Chapters in the history of Swedish Neuroscience – Swedish Academic Neurology: a brief outline
by Sten Fredrikson
This year, 2012, it is 125 years since the first chair of neurology was established at Karolinska Institutet in Stockholm. 1887, only a few years after Charcot’s appointment in Paris, the first Swedish professor of neurology, Per Johan Wising, started his activities at Karolinska Institutet including clinical teaching at the Serafimer Hospital in Stockholm. The establishment of his professorship was made possible thanks to a private donation. Already in 1888 it was decided that 2 months, of the 8 months that the medical students spent in the clinic of medicine, should be mandatory to spend in the new neurological clinic. Per Johan Wising, who had visited Charcot several times, left the professorship already in 1890.
After a short interlude by A.T. Hwass during 1890 the new appointed professor was Frithiof Lennmalm who had the chair of neurology for more than 30 years and also held the position as president of Karolinska Institutet for six years. Lennmalm’s main scientific interest was lues.
He was succeeded by H. Marcus 1924-1931, interested in diseases of the basal ganglia. The next professor of neurology was N. Antoni who held the chair from 1931 to 1954. Antoni had broad neurological interests and during his time there was a strong expansion of neurology. Antoni also took the initiative to establish the Swedish Neurology Society in 1938. During Antoni’s time, five new professors were trained at the Serafimer Hospital to set up and establish new departments of neurology outside Stockholm. 63 years after the first Swedish chair of neurology, the first chair outside Stockholm was established in Lund 1950, followed by Gothenburg 1951, Uppsala 1958 and Umeå 1960.
The first female professor of neurology in Sweden was Lisa Welander in Umeå 1964-1975.
The last university hospital with a new chair of neurology was Linköping in the 1970s.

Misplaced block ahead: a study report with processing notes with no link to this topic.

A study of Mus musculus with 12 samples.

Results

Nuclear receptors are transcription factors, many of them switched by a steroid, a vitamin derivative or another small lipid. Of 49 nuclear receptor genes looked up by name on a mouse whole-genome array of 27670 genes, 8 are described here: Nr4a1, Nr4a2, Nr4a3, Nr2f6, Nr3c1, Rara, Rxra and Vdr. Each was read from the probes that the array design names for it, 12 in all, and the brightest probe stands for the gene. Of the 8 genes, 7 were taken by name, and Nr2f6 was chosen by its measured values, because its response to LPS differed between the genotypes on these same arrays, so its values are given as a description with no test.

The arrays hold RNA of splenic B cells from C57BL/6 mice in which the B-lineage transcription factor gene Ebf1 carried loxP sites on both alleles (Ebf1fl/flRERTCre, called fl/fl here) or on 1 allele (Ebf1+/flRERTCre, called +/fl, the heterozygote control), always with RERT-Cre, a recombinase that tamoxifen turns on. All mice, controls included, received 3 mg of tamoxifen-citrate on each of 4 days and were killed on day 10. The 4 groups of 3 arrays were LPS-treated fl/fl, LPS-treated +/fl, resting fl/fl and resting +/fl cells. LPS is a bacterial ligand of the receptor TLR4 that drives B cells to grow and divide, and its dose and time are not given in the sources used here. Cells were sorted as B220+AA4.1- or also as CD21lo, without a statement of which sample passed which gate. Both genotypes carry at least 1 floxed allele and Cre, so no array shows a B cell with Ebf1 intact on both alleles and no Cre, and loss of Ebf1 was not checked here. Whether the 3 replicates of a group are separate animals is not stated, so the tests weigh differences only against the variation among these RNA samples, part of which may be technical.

Since the EFNS2012 will take place in Stockholm, it may be of interest to foreign visitors to know something about some historical contributions to neuroscience from this city and Karolinska Institutet. Other major achievements from other Swedish universities will be described and highlighted at the Special Session “Chapters in the history of Swedish Neuroscience” at EFNS 2012 in Stockholm, Tuesday, September 11.
Another major contribution was Salomen E Henschen’s studies of the visual pathways (On the value of the discovery of the visual centre). He demonstrated for the first time that the cortical area of the visual system is localized in the calcarine fissure of the occipital lobe. He was nominated nine times for a Nobel Prize, but was never awarded the prize.
Two other neuroscientific researchers at Karolinska Institutet who were awarded the Nobel Prize are Ragnar Granit for discoveries of visual processes in the eye and Ulf von Euler for discoveries of transmitters (noradrenaline/norepinephrine) in the nerve terminals.
Some clinically well-known contributions from Karolinska Institutet in the neurological field worth mentioning are Karl Axel Ekbom’s first review and delineation of restless legs in 1945, Lisa Welander’s description of 249 cases of Myopathia distalis tarda hereditaria/ Distal Myopathy in 1951 and Lars Leksell’s description of a “stereotaxic apparatus” for intracerebral surgery in 1949 and application in radiosurgery in 1951.
Sten Fredrikson is Professor of Neurology, working at the Department of Clinical Neuroscience/ Division of Neurology, Karolinska Institutet, Stockholm, Sweden. He is Chairman of the Local Arramngements Committee and vice-chair of the Congress Programme Committee of EFNS 2012.